There are fun bits of Sam Raimi magic that pop-up periodically throughout Oz the Great and Powerful. For that reason alone, the film fares better than its soulless fairy tale movie cousins, Alice in Wonderland and Jack the Giant Slayer. But it's still a member of that family. It may work at the DMV instead of KFC, but it wears sweatpants to Golden Corral along with everyone else.
After watching Oz the Great and Powerful, I referred to it as "awful" but that's not quite right. The third act is actually quite good. And under Raimi's care, the colorful world of Oz is just slightly more interesting than Tim Burton's Wonderland or Ang Lee's Pacific Ocean. When James Franco's selfish, largely ass-headed Oz arrives in Oz, his wonder is palpable. The plants all react to his presence with syncopated, choreographed movements that very nearly give the land its own bit of character. Unfortunately, the effect disappears moments later as Mila Kunis shows up and doesn't return again until more than halfway through when Glinda the Good Witch surprises us with an assertion that her citizens must defend themselves against the evil witches without the aid of violence.
I also have to admit that 3D might be the way to see this one, which feels weird to say. During the black and white, 1:33:1 ratio opening, Raimi occasionally lets items and actions extend beyond the square image to the black widescreen edges, a surprisingly effective technique I'm not confident would be as fun in 2D. And you just know Raimi's a guy who'll totally throw sharp objects at your face in 3D. The credits are also a great 3D showcase, as is the central conceit regarding the third act. If you're going to see Oz the Great and Powerful, you might as well pony up.
But overall, the film is not interesting or special enough to recommend. The smartest thing Disney could have done was release it just a week after Jack the Giant Slayer. Compared to that film, this is a masterpiece. But without that beneficial contrast, this is really just another crass fairy tale cash-in with chemistry deficient leads and a plot revolving around prophesy and unearned heroism. It wears a nice coat, but all you'll find underneath is the same naked guy with no wiener that we've been dealing with for years now.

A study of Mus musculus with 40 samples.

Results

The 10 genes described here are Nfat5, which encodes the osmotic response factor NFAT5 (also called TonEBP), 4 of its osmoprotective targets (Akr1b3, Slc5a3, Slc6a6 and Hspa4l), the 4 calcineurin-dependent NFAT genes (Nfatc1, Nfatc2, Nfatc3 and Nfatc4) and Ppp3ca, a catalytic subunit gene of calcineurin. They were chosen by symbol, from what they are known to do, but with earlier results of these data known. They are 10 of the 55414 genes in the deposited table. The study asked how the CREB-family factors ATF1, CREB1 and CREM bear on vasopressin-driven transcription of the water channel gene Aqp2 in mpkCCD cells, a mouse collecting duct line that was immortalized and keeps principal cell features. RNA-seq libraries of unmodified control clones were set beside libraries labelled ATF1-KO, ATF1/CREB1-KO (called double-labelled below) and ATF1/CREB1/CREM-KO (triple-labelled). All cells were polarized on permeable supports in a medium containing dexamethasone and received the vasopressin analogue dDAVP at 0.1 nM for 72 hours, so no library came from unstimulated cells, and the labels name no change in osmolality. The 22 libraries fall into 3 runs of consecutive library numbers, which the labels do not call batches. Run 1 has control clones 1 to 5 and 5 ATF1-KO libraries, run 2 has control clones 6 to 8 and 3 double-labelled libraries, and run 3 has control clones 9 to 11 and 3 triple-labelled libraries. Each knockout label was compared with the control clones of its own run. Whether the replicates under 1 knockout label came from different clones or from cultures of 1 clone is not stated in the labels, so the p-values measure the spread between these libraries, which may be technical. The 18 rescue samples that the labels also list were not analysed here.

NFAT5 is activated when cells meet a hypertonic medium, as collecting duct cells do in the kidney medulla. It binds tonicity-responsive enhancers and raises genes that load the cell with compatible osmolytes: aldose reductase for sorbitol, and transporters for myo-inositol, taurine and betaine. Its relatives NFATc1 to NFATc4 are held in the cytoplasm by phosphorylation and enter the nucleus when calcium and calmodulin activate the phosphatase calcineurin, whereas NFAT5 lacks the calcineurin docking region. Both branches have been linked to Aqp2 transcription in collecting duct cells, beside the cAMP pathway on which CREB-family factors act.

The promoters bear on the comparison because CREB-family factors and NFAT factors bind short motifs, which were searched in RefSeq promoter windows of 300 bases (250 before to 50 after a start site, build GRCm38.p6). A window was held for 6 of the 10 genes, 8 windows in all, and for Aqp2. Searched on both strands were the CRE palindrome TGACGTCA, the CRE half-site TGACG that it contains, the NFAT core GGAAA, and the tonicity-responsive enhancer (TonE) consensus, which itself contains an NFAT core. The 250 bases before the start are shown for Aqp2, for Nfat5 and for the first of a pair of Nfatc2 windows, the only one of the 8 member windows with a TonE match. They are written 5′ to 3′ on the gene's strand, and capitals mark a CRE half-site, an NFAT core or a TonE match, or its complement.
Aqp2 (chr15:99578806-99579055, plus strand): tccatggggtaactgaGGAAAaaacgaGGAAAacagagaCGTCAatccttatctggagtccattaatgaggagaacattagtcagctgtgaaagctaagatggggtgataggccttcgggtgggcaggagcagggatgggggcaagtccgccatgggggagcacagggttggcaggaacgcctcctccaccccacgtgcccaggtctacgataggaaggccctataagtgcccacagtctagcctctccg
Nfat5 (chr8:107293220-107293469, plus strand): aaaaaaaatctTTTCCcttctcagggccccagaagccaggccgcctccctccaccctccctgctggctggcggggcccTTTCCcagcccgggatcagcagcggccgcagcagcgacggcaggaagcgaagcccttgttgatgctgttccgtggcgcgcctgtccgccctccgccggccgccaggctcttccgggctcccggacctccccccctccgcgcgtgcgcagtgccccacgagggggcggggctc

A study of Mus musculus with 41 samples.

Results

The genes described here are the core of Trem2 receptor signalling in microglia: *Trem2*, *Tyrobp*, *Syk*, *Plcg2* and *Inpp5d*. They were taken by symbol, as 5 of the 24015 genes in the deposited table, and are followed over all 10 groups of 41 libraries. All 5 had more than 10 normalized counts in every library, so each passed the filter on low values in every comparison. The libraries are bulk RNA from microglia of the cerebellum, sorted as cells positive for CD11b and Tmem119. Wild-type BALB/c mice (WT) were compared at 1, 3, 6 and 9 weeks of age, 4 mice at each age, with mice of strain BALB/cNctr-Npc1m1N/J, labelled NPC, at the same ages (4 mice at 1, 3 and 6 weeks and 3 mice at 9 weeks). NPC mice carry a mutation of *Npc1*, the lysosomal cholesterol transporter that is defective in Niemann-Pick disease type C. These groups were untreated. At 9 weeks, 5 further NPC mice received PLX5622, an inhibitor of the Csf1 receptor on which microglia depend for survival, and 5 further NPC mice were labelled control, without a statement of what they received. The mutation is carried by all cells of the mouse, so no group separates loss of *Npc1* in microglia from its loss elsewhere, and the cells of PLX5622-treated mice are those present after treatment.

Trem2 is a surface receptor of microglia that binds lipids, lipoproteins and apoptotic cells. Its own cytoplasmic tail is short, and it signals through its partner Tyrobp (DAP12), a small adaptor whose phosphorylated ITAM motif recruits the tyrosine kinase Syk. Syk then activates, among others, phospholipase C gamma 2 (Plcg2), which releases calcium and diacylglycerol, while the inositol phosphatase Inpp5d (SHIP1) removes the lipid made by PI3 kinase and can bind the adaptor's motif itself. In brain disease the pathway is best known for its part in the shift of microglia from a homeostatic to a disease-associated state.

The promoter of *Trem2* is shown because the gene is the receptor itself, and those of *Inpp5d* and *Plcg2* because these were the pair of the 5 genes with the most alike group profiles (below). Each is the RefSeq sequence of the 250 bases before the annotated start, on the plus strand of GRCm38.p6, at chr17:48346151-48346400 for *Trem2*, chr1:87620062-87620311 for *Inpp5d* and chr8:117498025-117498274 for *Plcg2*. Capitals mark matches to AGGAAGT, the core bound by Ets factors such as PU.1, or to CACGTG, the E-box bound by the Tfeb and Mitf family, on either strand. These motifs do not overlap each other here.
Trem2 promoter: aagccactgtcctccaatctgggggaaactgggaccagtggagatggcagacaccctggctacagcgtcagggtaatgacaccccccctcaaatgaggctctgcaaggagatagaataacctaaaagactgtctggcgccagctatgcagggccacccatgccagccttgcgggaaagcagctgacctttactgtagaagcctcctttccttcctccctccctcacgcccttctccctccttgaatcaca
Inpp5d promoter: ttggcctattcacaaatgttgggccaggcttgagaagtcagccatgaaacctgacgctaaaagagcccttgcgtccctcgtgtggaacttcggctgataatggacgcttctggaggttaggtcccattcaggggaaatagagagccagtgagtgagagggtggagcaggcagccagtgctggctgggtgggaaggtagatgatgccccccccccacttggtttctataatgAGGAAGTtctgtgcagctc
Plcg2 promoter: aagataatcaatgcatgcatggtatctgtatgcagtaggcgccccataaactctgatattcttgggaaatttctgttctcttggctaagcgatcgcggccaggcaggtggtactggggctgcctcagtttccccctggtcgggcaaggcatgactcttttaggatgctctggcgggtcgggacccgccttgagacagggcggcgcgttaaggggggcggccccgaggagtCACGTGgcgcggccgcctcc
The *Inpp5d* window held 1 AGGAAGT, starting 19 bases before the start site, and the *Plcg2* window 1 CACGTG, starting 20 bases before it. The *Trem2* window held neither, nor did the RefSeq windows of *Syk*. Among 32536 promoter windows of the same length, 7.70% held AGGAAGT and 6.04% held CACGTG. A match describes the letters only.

The notion that Oz plays almost like an Army of Darkness for children is technically apt, but ends up being more a coincidental truth than a commentary on why anyone might enjoy this film. Like Ash, Oz is a puffed up idiot who ultimately saves a land he finds himself stuck in with the aid of technology in lieu of magic. But for all his buffoonery, Ash is a likable character. Oz is not.
There's just something insincere about James Franco. As a comically moronic Raimi lead he works, but this is a kids film, not a subversive commentary on modern heroism. At some point Oz has to become a character we can get behind, and he never pulls that off. When James Franco smiles in this film he looks like he's making fun it.
And excluding Tony Cox and Bill Cobbs, he is not aided by a good support cast. Franco displays no chemistry with any of the three witches he comes across. I think it's kind of awesome that Oz seduces and abandons Mila Kunis' Theodora, thus making her more susceptible to her sister's knowing trickery. But none of that matters emotionally. Kunis and Franco get precious little time to nail down their relationship, and it just never happens. After their separation, Oz's story and the Witch-Sister drama are remote entities which do not reunite until the end, and by that time it doesn't really matter.
Mila Kunis is either remarkably horrible in this film or so amazing that her achievement goes over my head. Once Kunis becomes the Wicked Witch of the West, she basically devolves from harmless nothing to obnoxious shrieking. It's hard to tell if she just gave up on playing evil or tried for something and failed, but the performance is detrimental to the film, as is her weird The Mask makeup.
Rachel Weisz and Michelle Williams aren't especially engaging either, but it's not really their faults. One has little to do but act evil. The other can only be wimpy and good. And that's exactly what we get with both of them.
A lot of people seem to have enjoyed this film. I can't imagine why, though. Until the big third act, I found myself bored and unengaged. This is a largely witless story that plays to all the problems of modern tentpole filmmaking. It's big and pretty enough to win a big opening weekend, but too bland to remain in our minds much longer than that. And as Sam Raimi films go, I'd rather watch Spider-Man 3. At least that has the Emo Peter Parker stuff.